Anne Marvin blogs at Truthinfantasy.com, saying, “I’m learning to live authentically in the real world. And to have some fun along the way. I look for truth in paranormal and urban fantasy.” She recently wrote a post (truthinfantasy.com/blog/the-office/) in which she mentioned Weeia on My Mind. With her permission you can read it here. Find more thought provoking posts about Truth in Fantasy on her website.
Weeia on My Mind is written from the perspective of young Danni Metreaux, a Weeia law enforcement officer recently transferred to Paris, her requested posting. Once she gets there, however, she is confronted with several familiar figures in offices across the globe and across time: the long-standing, do-nothing bureaucrat who resents the presence of personnel who actually want to work and the obstructionist assistant/secretary/office manger who makes life as difficult as possible for those same folk who are just trying to get shit done. Anyone who’s ever worked in an office knows who I’m taking about. These characters and the situations they create were drawn so faithfully that the lines between truth and fantasy were very blurred, as they often are in my beloved genre.
In the book, Danni desperately wants to seem professional and knowledgeable. She wants to make her mark. Like all of us who’ve been newbies in a corporate environment, we know, like Danni, that appearances count, that our behavior is being scrutinized and commented on, and that everything we do is being analyzed by an electron microscope. All of which makes it brutally difficult to fit in while simultaneously standing out. Which is the name of the game in The Office, no matter where it is or what it does or makes.
Like the rest of us, Danni struggles to juggle the requirements, explicit and implicit, of the chain of command. We need to make our bosses look good. But we can’t show them up. We need to ensure that we’re asking for permission before we go off half cocked, thinking we know what to do, but we need to demonstrate independent thinking and initiative. We need to first, do no harm, but also do what needs to be done. It’s exhausting.
Then there is the problem of our place in the hierarchy. Offices are the most structured, hierarchical environments in the universe. Submarines have nothing on a well-established office. With this hierarchy comes a need to understand how to behave with superiors, subordinates and colleagues alike. Forgetting our place is a mortal sin in The Office. We’re expected to be graciously subservient to those above us; firm but fair with those below us; and we need to be overtly friendly while hiding the sub rosa machinations going on as we try to outshine our competitors, otherwise known as our peers. Totally draining.
And what about what happens when work relationships become personal–as in friendships and romances? If we’re working 60-70 hours a week, we’re spending more time with our fellow workers than with anyone else. Relationships happen, whether we want them to or not, and whether they are permitted or not. I was frankly shocked that Danni didn’t develop a more-than-professional interest in her new protégé. Sebastian is smart, hot, and rich. They do become friends, which is nice, and predictable insofar as the real world is concerned. It could have gone the other way, which leads to all sorts of contortions while people try to hide their forbidden office romances. I’ve kept more of these kinds of secrets than any other. And I worked in a classified environment for twenty years.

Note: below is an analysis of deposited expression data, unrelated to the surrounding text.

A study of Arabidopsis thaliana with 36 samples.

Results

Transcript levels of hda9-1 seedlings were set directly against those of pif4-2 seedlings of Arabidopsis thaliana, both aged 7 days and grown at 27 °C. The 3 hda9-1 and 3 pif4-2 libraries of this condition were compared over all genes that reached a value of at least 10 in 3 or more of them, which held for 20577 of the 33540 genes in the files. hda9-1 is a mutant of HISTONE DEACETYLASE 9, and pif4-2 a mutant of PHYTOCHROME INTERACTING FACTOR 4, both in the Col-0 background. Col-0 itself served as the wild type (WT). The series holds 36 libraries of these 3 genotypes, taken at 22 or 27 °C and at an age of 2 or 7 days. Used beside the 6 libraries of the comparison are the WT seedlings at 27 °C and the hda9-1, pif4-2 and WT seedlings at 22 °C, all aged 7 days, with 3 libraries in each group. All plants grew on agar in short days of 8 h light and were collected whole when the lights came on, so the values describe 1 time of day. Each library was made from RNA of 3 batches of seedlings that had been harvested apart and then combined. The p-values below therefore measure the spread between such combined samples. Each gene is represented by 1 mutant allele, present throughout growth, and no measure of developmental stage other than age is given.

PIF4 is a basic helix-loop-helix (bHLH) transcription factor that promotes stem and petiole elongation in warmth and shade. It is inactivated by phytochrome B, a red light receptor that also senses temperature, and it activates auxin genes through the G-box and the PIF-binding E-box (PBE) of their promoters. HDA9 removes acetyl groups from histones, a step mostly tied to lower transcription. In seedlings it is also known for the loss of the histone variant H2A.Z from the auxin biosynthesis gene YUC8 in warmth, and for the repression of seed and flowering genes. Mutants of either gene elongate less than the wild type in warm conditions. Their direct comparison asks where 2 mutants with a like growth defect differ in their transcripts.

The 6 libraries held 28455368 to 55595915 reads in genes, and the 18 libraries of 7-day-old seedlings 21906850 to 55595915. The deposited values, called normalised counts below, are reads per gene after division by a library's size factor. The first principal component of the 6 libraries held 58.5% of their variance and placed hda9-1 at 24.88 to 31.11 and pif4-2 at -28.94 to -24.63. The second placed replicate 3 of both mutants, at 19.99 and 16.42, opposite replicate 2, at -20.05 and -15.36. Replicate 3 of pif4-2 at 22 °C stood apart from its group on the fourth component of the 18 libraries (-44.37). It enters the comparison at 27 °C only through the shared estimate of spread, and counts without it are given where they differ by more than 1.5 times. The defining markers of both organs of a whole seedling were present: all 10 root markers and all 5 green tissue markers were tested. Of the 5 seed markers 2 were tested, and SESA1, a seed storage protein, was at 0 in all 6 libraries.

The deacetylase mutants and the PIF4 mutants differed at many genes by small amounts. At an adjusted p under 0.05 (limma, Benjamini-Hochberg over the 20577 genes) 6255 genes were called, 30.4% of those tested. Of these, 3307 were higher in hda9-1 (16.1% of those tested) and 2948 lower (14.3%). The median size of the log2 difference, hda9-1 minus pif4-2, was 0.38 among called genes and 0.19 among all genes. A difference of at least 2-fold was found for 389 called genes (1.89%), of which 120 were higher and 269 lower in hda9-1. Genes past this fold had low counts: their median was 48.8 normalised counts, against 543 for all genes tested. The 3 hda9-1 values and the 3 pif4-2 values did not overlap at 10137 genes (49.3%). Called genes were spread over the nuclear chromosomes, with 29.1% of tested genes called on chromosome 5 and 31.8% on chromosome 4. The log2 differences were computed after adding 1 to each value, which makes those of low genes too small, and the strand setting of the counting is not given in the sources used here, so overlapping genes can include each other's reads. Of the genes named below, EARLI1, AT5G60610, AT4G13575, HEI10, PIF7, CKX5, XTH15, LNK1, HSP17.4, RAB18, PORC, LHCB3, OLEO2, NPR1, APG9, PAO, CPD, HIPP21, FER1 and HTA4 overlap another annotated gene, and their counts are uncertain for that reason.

And finally, Danni has to deal with the “We-Be’s,” a particularly nasty sub-species of office dwellers who will screw you up every time. These are the folks with the lovely attitude that says, “We be here when you come and we be here when you go. Ain’t nothing you can do to us or for us, so fuck off.” I’m pretty sure that is a direct quote. These troglodytes are in the trenches, and it’s almost impossible to extricate them. And they can make our lives a living hell, if they so desire. Been there, done that, got the t-shirt.
There are others from Satan’s headquarters who can make life fairly toasty as well. I’m talking about bosses from hell, including the ragers, the gropers, the mouth-breathers and the tyrants. There is nothing worse than a bad boss. I’ve been blessed in my professional life; mostly, I’ve had bosses from Heaven. The only one from Down Under eventually came around and joined the side of the angels—and we became good friends. I would have lost that bet.
And all of these memories of my corporate life as a national security contractor came pouring in as I read Elle Boca’s latest offering. These are bittersweet memories, as I don’t really miss office life, but I do sometimes miss the intensity, the structure, the shared sense of purpose and responsibility and the camaraderie of working in an office environment. But I think I will stroll down memory lane with my beloved books, rather than in real life. Truth is sometimes more palatable in fantasy than in reality. Thanks, Elle Boca, for the great read and the fun ride.